November 18, 2012
I had previously run this race two years ago with the same racing company, Pacific Coast Trails. This was the company that gave me food poisoning on the Headlands 50 miler. However, the group had been bought out by a Northern California company and were going to put on the race (hopefully better).
Two years ago, it rained (a little) and I finished in 7:43… but this year I am 2 years older, and 10 ultramarathons in for 2012. I’m not sure how it will go.
With any PC Trails run, the course consists of loops. In this case, it is a 7.5 mile loop, then an 11.1 mile loop (with an aid station in the middle), the 7.5 mile loop again, and then a 5-mile portion of the second loop (2.5 up and 2.5 down).
The 7.5 mile loop is very technical. At times it is rocky, and an early section involves stepping up narrow rock steps along the hillside. About 3 miles in, there is a steep climb with an outstanding view of the coast, a turn onto a fire-road (very rough because it got muddy and dried out in a bad way), eventually working back to the rock step descent and the start.
I run when I can, but a lot of it, in my estimation, is unrunnable, at least for me. I finish the section in 1:46, about a 14-minute-per-mile pace.
With the section being so rocky, the plantar fasciitis in my right foot is acting up. I grit my teeth and work through it.
I don’t stop very long at the aid station, because I know the day could be close. There is a time-limit of 8:30 (whereas the year I did 7:43, the limit was 9:00).
The first half of the second loop is a lo-ong uphill route. It’s not super steep, but it’s hard to get anything going run-wise. It is around 3 miles to the top. At least it is not overly technical, but once to the top, there is a bit more climbing, and then it flattens out and then begins to go downhill steeply. I’m not fond of this either, but I push a bit because I will probably need the time.
I pass a few people on the downhill, but don’t see a lot of people, probably indicating that I am towards the back. At the bottom of the hill, there is still another mile or so to the aid station, but at least it is flat. I cover the 5.3 miles in 1:32, about 17-minute-per-mile pace.
The second half of the loop backtracks to the base of the hill, but then it takes a different single-track course back up to the fire-road. This trail is pretty technical and super-steep and unshaded. To boot, I am starting to feel some hotspots in my heels. Hopefully not blisters.
At the top of the single-track, it’s another mile to the top and then back down the 3 miles to the start. I flew down the hill (hurts, but again, I am trying to make up time), and get through this 5.8 mile section in 1:35 (mildly faster than the pace on the first half section).
There were a couple of gals that I had been trailing that I caught near the bottom. I am hoping to convince them to continue on the course, because otherwise, I am off by myself. Yuck. I am pretty close to 5 hours, which is the cutoff point, and it gives me 3-1/2 hours to do the last half marathon, but there is so much climbing! (and I’m tired)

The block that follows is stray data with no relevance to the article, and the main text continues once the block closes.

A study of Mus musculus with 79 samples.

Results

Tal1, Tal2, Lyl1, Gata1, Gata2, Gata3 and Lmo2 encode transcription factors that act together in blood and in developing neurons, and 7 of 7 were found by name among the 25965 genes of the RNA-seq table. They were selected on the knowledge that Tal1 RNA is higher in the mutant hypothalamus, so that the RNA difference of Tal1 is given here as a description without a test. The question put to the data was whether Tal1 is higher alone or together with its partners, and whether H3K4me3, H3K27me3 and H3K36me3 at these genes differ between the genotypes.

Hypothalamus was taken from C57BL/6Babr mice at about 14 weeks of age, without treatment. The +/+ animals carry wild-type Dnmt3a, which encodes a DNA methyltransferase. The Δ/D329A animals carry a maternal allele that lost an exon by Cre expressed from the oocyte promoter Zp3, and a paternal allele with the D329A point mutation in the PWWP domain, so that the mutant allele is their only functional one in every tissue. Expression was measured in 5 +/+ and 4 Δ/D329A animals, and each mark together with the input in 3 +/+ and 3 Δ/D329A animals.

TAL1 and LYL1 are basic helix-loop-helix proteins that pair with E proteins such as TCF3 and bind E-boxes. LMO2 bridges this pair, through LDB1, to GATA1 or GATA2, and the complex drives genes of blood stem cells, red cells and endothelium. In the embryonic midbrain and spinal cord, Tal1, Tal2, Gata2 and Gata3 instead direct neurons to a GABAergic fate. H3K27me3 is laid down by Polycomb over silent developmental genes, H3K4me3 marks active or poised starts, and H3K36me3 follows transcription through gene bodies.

In the end, the gals decide to quit, and I decide to continue… by myself. I am mostly walking this section and hoping that I will catch up to someone else, to break up the boredom of going it alone. It is now the heat of the day and the steep uphill section is taking a lot out of me and I just cannot move very rapidly. I am also definitely getting heel blisters and dealing with my PF.
When I get back to the start, having taken 2 hours and 25 minutes to get through this section, I now have a scant hour and 18 minutes for the last 5 miles.
If this were a 5-mile race, I would say ‘no problem.’ But the reality is that I have already been up this hill once and if I go 2 minutes per mile FASTER than on the previous section, it will take me 85 minutes… too much time. I should also mention that according to the map, the loop is 11K (but I have already done 40K).
In the brief time I am at the aid station, I am asking for a little leeway, but I am told that their permit requires that everyone be off the trail at 8-1/2 hours. I plea again mentioning the discrepancy in the distance. The RD says that I can turn around 0.5 kilometer early to make sure that I cover the 50K… but also adds, “Hey, we can’t really see the turnaround or enforce it.”
I would like to go to the correct turnaround, but I have a good idea how quickly I can descend, so decide that I will turn around when I have 28 minutes to get back to the finish. Since I do not have a GPS, I will really have no idea how far I went. I push the pace as best I can going up the hill (about 18:00/mile pace) and go as far as I feel I can still make it in on time – they’ve already said I can’t finish a few seconds over.
On the way down, I halve my pace, and finish in 8:27:41… guess I could have gone a few more minutes uphill, but it would have been even closer!
When I got to the finish, they saved me some lentil soup. It was cold, but at least they didn’t try to assuage me with 8 cans of soda.
They also gave me a race shirt and PC Trails socks. This was unusual, because when you register for the race, you have an option to forgo the shirt (to save $5) and to order additional items like socks. I didn’t order anything… but they gave me the shirt and socks because they said that I was inspirational for persevering, essentially by myself for the last 12.5 miles. That was pretty cool, and now I have just one more ultra and I will have 12 for the year. Hope my body will hold up.